Replacement Pool Dehumidifiers for Hotels

Useful life of hotels’ old technology pool dehumidifiers are ending!

Thousands of hotels with indoor pools built over the last 30+ years have reached the stage of retrofitting or replacing their pool dehumidifiers that have reached the end of their life cycle. Many systems fell short of their operating lifespan due to poor pool chemistry; systems not designed or sized properly, poorly installed, lack of negative pressure, or poorly designed air delivery/duct systems. Many pool systems are no longer energy efficient and operating costs are high. For any hotel manager, it is an extremely challenging process to cut operating and energy costs with indoor pools. However, today’s technology in hotel pool dehumidifiers offers significant energy costs reduction, and many offer a wide range of improvement options over what was available even 5-10 years ago.

When retrofitting your hotel, there are several significant areas to review to ensure that your new pool dehumidifier will provide all of the updated “GREEN” technology, energy recovery, and benefits that support a longer life span and a healthy, stable pool room environment.

It’s not enough to simply pull out your existing pool dehumidifier and put the same system back into the natatorium. Before your purchasing decisions to ‘simply replace what’s in place’ are made, you will want to start with your pool room data. Do not necessarily rely on the pool dehumidifier in place, (although we would like to determine your existing tonnage and CFM), as equipment may be oversized or undersized, may lack the necessary air turnovers, which was very common years ago. It was also very common years ago to size a system that was not accurately based on the air and pool water temperatures hotel facilities actually maintain.

Let’s go back to the drawing board and start from scratch. When replacing a system, owners will review their existing pool system tonnage and cfm to size the next pool dehumidifier. This is a good place to start, however each client should take a few additional measures to ensure the sizing, air flow and evaporation rates are met with the new system. The following data is recommended:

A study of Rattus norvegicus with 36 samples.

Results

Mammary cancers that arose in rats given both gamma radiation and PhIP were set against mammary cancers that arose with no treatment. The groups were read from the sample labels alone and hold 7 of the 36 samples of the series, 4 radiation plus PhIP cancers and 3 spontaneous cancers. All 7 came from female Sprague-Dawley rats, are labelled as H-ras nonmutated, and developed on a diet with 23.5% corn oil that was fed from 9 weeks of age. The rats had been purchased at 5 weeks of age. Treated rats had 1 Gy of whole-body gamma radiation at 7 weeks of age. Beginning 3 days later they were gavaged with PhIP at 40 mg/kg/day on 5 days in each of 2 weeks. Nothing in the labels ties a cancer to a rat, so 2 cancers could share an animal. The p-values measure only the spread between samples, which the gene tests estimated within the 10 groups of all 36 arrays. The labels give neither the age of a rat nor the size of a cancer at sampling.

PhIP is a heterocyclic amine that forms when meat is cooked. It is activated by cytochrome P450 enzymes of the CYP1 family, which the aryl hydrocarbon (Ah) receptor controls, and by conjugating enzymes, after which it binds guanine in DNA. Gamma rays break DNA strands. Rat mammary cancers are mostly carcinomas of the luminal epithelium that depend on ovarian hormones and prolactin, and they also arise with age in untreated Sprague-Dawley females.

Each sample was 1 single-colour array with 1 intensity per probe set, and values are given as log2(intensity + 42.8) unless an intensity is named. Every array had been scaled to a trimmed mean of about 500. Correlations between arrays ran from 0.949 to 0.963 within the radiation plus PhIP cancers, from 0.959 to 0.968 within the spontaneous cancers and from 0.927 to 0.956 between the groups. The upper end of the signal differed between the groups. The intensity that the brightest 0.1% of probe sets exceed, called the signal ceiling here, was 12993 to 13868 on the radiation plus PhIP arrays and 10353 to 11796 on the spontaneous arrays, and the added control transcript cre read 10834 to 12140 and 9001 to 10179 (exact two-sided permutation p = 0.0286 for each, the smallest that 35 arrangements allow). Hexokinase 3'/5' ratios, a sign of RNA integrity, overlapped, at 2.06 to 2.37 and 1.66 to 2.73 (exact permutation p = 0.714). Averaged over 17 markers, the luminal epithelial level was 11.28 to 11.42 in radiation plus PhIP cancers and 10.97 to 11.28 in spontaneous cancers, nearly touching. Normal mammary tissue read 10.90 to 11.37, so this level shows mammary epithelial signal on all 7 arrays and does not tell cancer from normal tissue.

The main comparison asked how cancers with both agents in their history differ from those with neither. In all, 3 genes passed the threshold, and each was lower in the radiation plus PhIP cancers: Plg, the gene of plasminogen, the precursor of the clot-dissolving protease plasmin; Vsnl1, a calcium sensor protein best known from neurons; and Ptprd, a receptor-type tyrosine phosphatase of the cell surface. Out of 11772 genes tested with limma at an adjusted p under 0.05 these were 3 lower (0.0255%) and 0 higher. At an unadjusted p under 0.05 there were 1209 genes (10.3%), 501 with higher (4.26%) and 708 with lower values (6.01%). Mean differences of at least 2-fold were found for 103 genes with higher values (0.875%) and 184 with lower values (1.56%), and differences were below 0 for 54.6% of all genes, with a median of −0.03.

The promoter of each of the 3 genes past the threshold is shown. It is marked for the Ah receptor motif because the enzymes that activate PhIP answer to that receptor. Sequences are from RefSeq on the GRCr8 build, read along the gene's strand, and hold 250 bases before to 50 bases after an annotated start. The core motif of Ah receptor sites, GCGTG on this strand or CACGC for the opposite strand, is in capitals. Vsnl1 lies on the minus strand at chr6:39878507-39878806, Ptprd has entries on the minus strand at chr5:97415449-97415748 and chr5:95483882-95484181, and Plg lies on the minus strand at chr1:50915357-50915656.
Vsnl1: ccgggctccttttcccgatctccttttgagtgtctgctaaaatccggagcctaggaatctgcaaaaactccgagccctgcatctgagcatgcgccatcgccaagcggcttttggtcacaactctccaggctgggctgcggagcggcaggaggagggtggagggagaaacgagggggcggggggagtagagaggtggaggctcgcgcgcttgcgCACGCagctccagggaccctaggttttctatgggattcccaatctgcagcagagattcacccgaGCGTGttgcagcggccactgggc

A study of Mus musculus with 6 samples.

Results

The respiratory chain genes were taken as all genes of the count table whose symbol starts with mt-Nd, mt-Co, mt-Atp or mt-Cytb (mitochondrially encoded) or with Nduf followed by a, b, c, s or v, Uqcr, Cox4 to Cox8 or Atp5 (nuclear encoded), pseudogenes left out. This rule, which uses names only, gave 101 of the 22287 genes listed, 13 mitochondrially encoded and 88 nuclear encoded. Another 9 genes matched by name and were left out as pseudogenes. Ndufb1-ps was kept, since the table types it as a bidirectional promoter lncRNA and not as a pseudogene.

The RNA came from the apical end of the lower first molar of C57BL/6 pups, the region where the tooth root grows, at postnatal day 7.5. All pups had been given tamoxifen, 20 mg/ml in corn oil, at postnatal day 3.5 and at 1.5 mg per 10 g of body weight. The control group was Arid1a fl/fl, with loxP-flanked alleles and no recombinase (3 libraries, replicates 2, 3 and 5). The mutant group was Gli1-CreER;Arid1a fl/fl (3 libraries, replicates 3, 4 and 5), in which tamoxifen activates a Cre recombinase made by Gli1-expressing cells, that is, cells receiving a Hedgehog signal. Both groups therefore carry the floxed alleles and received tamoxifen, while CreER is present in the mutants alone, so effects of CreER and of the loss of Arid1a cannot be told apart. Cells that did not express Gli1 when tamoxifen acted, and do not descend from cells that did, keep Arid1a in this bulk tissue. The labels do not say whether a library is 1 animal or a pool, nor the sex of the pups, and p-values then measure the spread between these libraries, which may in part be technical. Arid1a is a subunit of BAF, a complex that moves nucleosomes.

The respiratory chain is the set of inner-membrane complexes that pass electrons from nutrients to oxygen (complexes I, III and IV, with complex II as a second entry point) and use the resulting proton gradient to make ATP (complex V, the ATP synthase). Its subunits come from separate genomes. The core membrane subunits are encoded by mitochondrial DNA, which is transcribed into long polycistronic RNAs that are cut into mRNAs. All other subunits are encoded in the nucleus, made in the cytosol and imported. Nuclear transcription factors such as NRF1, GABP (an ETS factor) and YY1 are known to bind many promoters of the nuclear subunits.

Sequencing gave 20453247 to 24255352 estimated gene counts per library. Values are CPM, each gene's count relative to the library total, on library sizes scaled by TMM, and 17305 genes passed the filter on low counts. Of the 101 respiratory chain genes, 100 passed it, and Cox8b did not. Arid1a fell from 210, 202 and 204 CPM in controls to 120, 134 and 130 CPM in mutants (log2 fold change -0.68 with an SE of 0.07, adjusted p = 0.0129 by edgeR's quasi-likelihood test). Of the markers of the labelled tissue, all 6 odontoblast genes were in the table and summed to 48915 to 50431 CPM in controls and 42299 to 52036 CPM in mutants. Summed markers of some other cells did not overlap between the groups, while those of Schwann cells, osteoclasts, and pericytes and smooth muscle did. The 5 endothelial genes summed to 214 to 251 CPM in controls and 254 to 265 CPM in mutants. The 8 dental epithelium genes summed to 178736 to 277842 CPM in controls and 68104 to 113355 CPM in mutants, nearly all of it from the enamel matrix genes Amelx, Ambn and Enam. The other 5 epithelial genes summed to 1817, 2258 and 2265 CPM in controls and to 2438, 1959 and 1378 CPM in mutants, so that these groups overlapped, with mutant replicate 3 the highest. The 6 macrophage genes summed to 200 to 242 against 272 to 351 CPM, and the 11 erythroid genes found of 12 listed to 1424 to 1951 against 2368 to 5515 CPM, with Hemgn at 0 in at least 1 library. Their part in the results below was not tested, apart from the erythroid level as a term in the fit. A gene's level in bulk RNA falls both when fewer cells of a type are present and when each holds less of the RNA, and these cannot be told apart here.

POOL ROOM INFORMATION

Square feet of the total pool room space?

Square feet of the pool and/or spa?

Other water features within the space

Ceiling height of the room (average)

a. Is there a drop ceiling in your room?

Temperature of water and temperature of air maintained?

Humidity levels within the space that you maintain (i.e.

Maximum number of occupants?

Hours of operation?

What Chemistry do you use? [ ] chlorine [ ] bromine [ ] salt [ ] other

WHAT TO LOOK FOR IN A NEW POOL DEHUMIDIFICATION SYSTEM

(1) THE FUTURE FOR ALL POOL DEHUMIDIFIERS is to reduce size, refrigerant and maintenance costs!

Today’s technology is much more advanced (called Secondary Coolant Technology). The future is in refrigerant reduction first and foremost due to the expense and environmental damages caused by hyydrochlorofluorocarbons (HCFC) refrigerants, such as R-22, and other refrigerants. All manufacturers are aware that this will be a continually changing arena and as such should be or are engineering pool dehumidification systems to comply with the more “green”/Leed requirements, which will utilize a fluid/dry cooler for the cooling side of the equation. This technology is not new to the industry; KMART has used Secondary Coolant Technology for over 30 years in their buildings. Several pool dehumidification manufacturers have been using this liquid cooled technology for over 20 years. Other companies are now beginning to understand the importance of reduction in the refrigerants used in today pool dehumidifiers.